By this time American domination of space was waning. No interplanetary launches were made between 1979 and 1988 by the United States, but in that time the Soviet Union successfully launched six probes bound for Venus, had a massive spacestation, and were completing their own spaceshuttle. The Fobos program, it was hoped, would make up for the two decades of failure that plagued the Soviet Mars program. The mission was also an unprecedented example of glasnost, containing components and support systems from 26 countries, including the United States, who helped relay transmissions. The main bus also housed an enormous payload of 25 scientific instruments to investigate Mars and Phobos, as well as two Phobos landers.
Two spacecraft were launched, Fobos 1 on 7 July 1988 and Fobos 2 five days later. Fobos 1 was lost in early September owing to a ground controller's typing error in the computer uplink: the command was missing a hyphen. Fobos 2 was much more successful, and after sending back Solar environment data for five months, the spacecraft entered Martian orbit on 29 January 1989. Within a matter of weeks it exceeded all the information gathered by 16 Soviet Mars missions, and began to equal the success of Viking. But disaster struck on 27 March. The spacecraft, only ten days away from releasing its landers, failed to respond to a scheduled communication session. A weak signal was eventually detected, and from this the Soviet ground control deduced that Fobos 2 had a faulty attitude control thruster and was now tumbling end-over-end. Because it could no longer orient itself towards the Sun, Fobos 2 died from a power shortage.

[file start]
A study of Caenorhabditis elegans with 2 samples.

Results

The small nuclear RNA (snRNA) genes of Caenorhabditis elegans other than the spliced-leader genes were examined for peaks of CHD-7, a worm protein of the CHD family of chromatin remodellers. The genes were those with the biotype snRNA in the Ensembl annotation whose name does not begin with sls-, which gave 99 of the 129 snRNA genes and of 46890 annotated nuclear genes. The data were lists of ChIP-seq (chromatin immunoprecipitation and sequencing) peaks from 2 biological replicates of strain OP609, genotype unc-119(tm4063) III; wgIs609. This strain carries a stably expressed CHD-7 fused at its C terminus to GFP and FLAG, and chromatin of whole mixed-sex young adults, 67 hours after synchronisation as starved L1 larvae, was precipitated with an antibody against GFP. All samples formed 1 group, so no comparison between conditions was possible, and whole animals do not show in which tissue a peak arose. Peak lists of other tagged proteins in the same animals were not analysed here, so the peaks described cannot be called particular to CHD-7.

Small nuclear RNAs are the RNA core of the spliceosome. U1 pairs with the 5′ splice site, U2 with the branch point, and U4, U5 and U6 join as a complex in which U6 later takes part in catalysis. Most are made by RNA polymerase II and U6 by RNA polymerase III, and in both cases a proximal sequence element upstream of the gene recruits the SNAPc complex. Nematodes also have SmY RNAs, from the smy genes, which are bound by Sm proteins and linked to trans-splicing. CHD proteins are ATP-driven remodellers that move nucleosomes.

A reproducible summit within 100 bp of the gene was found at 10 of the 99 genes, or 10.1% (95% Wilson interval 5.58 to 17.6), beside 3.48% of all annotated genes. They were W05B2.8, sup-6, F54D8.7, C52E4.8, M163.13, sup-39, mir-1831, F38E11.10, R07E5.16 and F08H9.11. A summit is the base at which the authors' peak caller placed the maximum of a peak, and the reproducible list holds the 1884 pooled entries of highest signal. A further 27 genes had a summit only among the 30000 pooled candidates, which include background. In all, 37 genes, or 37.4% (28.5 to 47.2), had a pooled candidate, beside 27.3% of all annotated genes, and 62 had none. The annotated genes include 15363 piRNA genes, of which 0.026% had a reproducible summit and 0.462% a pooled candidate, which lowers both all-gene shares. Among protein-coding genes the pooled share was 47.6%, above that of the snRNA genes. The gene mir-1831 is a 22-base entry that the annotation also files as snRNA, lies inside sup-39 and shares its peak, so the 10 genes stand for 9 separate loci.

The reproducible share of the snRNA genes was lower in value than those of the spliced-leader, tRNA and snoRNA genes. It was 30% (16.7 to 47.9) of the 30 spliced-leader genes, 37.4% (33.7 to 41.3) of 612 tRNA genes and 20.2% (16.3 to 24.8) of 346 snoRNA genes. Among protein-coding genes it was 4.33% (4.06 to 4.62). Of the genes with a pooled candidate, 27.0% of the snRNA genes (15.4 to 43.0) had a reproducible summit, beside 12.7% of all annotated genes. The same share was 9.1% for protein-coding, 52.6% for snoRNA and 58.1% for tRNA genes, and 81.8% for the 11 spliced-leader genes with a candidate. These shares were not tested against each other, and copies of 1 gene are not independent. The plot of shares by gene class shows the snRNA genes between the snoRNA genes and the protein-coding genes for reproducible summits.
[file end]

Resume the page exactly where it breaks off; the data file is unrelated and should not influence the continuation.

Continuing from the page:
The loss of the twin Fobos probes were a major blow to the Soviet space program, which had an unending string of interplanetary successes since Venera 9 in 1975. A third Fobos spacecraft was primed for launch in 1990, but the collapse of the Soviet Union delayed and eventually canceled it. The layout for the Fobos spacecraft was used again in the failed 1996 launch of Mars 8. This failure was the final nail in the coffin for Soviet/Russian space exploration for 15 years. The Russians attempted a sample return mission to Phobos in 2011. Called Fobos-Grunt, this spacecraft failed to leave Earth orbit.
Even after 20 missions aimed at Mars, the Soviet Union (and later Russia) failed to rack-up a single completely successful mission. The debilitating attempt of Fobos 2 in the late 1980s was one of the most advanced spacecraft ever built, containing more scientific instruments and more international cooperation that any other mission before or since.
This minifigure scale Fobos 2 MOC contains 583 pieces, and includes the DAS and PrOP-F landers. This model is a great, and very unique, addition to any collection!
The front of Fobos 2, showing many of the incredibly numerous 25 scientific instruments.
The rear of Fobos 2, showing the DAS and PrOP-F landers, as well as the thermal control system.
The bottom of Fobos 2, showing the attitude control thrusters as well as the many Solar and Martian environment instruments.
The DAS Lander (short for "long-term autonomous station" in Russian). It was designed to harpoon itself into Phobos, transmitting data directly to Earth for at least 3 months.
The PrOP-F "Hopper" or "Frog," was a unique rover that relied on the use of slender arms rather than wheels for movement. It was designed to travel 200 meters in 4 hours, relaying surface composition and gravity information to the orbiter.